Considering the fact that their belief systems are mostly about prioritizing autonomy and respecting the Earth, you could say that Satanists get a bad rap overall. Yet nowhere is this more apparent than in horror movies, in which the over-the-top villainization of Satanists is truly on another level. When thinking of the many Satanists of film, so often it's the women Satanists that are overlooked for their excellent work summoning the Dark Lord. Indeed, women can make sacrifices to Beezlebub just as well as any man, and frankly, it's about time we honored the female Satanists of horror.
During the early 1920s, the United States was letting the film industry get away with pretty much whatever it wanted, and yet there is still no way a movie like Haxan: Witchcraft Through The Ages would have flown. Haxan is a Swedish film shot to be a documentary but features "dramatic reenactments" that send it into full-blown horror movie territory.
It would be difficult to interpret Haxan as explicitly feminist, but it is highly sympathetic to the women that appear in its vignettes. The film repeatedly posits that women who refuse or are unable to conform to notions of femininity have been historically treated with shocking levels of aggression and violence. In Haxan, women leave their husbands for Satan, but it is made very clear in the text that the filmmakers perceive punishments like being burned at the stake or being placed in asylums as unjust. Even through the act of showing sympathy to the witches of legend, Haxan took a surprisingly womanist slant for 1922.
The Seventh Victim and Rosemary's Baby
1943's The Seventh Victim has received significantly more positive attention today than it did upon its release. That makes sense, considering the fact that it's about feminism, lesbians, and a Satanic cult. None of these were especially popular themes for films of that year, nor even of today, but, let's face it, they probably should be.
The Seventh Victim follows a woman named Mary whose sister Jaqueline has gone missing. She goes looking for her, and when she eventually finds her much of the narrative switches to focus on Jaqueline's bizarre life. After having told her therapist about the Satanic cult she just so happens to have fallen in with, the cult decides that Jaqueline has to die for disclosing their secrets.
A woman who is strongly coded to be Jaqueline's lover, Frances, is the one that helps the cult corner her in the end. She urges Jaqueline to end her life, helping her push poison towards her lips before throwing the bottle to the floor and sobbing that she can't watch Jaqueline die when the only time she was ever happy was with her. Unfortunately, this still does not end great for these two, but the struggle between one's duty as a devil-worshipper and one's human connections is a cliche that will be familiar to horror audiences today.
Satanists Are Doing It For Themselves
The horror of the cult, in fiction as well as the real world, is that it is entered innocently at first — but once there it becomes absolutely impossible to leave. The Seventh Victim's overarching plot is to make its cult into a metaphor for the inevitability of death. This preempted countless other horror films that would do the same, yet this is not the first film about cultists that predates Rosemary's Baby. Movies like Night of the Eagle and The Witches featured the polite, disciplined, but ultimately evil female cult leader who draws other women into lives of servitude to the devil.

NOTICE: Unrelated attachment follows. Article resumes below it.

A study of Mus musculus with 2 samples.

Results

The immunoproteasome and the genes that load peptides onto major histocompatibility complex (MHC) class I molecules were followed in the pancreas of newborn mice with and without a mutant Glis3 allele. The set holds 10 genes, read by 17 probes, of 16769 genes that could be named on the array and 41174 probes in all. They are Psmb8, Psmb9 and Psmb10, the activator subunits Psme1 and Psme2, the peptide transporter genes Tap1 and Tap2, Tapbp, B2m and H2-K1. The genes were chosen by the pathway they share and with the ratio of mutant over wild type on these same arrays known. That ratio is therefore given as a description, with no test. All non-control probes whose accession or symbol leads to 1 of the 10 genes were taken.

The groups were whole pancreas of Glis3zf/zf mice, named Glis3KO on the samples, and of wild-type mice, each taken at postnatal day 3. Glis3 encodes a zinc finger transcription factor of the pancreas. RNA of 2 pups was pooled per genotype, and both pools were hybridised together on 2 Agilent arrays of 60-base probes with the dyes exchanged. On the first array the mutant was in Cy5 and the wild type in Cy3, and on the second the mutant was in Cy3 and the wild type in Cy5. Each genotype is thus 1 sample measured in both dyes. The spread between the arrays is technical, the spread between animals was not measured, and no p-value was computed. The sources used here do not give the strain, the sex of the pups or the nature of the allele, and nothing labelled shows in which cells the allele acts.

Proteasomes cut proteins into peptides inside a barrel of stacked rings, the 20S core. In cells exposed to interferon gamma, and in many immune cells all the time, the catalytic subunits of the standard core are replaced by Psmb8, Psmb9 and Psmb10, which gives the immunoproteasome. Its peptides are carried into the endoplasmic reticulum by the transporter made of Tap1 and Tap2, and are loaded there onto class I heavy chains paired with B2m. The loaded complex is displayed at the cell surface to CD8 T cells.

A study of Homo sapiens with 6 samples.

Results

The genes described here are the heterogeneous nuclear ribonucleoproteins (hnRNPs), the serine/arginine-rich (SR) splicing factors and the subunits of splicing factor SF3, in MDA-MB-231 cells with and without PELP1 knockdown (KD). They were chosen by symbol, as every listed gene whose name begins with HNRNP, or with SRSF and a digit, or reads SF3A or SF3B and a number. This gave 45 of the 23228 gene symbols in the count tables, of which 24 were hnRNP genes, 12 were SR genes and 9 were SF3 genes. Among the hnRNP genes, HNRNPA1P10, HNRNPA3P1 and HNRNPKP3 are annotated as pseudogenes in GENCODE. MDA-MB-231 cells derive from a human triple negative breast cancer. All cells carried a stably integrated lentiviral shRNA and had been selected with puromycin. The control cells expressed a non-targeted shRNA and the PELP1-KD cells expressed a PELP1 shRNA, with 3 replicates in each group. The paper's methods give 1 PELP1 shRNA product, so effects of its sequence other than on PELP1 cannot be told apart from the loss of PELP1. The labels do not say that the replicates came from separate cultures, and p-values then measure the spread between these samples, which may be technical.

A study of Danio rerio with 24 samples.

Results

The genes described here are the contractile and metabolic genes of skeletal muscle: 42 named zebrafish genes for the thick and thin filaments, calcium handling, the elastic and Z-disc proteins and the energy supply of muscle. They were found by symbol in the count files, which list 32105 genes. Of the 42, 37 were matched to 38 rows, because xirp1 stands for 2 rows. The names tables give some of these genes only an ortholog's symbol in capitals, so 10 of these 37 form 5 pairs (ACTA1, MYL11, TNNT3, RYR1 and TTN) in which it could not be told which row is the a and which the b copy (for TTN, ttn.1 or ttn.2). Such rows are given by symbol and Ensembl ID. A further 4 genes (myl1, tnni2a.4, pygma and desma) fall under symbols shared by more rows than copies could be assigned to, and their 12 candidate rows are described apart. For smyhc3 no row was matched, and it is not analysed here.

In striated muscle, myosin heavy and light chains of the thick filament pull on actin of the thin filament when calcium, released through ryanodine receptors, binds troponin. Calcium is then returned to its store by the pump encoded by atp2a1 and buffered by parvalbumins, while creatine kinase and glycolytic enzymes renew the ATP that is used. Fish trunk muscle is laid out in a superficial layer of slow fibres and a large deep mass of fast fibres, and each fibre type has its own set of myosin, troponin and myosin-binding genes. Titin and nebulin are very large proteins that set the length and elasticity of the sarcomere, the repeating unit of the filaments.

In Rosemary's Baby, the protagonist is not a Satanist, but she is still surrounded by them and becomes one by proxy. More than any other character save her husband, it is her neighbor, the forceful Minnie Castavett, who pressures and dupes Rosemary. The warning that one can easily use social norms to manipulate and gaslight is one of the core messages of the story, and no character fulfills that message more soundly than the woman who poses as a caretaker without ever having Rosemary's best interest in mind.
Later, films like Mephisto's Waltz, The Initiation of Sarah, and The Blood On Satan's Claw all gave us chilling depictions of women who used their ways to manipulate the people around them. In the real world, the Manson Family offered a chilling glimpse at how it is often the female members of a cult that coerce other women into becoming victims of the cult leader; this was reflected in film and continues to this day.
Now, plenty of incredible films featuring women Satanists exist, from The Witch to the new Suspiria to The Blackcoat's Daughter and Hereditary. While flicks like Satanic Panic have poked fun at the trope, there is no question that movie audiences find devil-worshipping cults just as terrifying today as they did a century ago. Though we can't stress enough that real-world Satanists generally do not deserve the amount of flack they get from horror cinema, being sucked into a scary cult is indeed a terrifying prospect.
Apart from everything, the perhaps unintentional commentary present in many of these horror movies that sometimes the biggest enemy to societal progress of women are the women who gleefully enforce the antiquated views of the patriarchy is, frankly, pretty on the nose.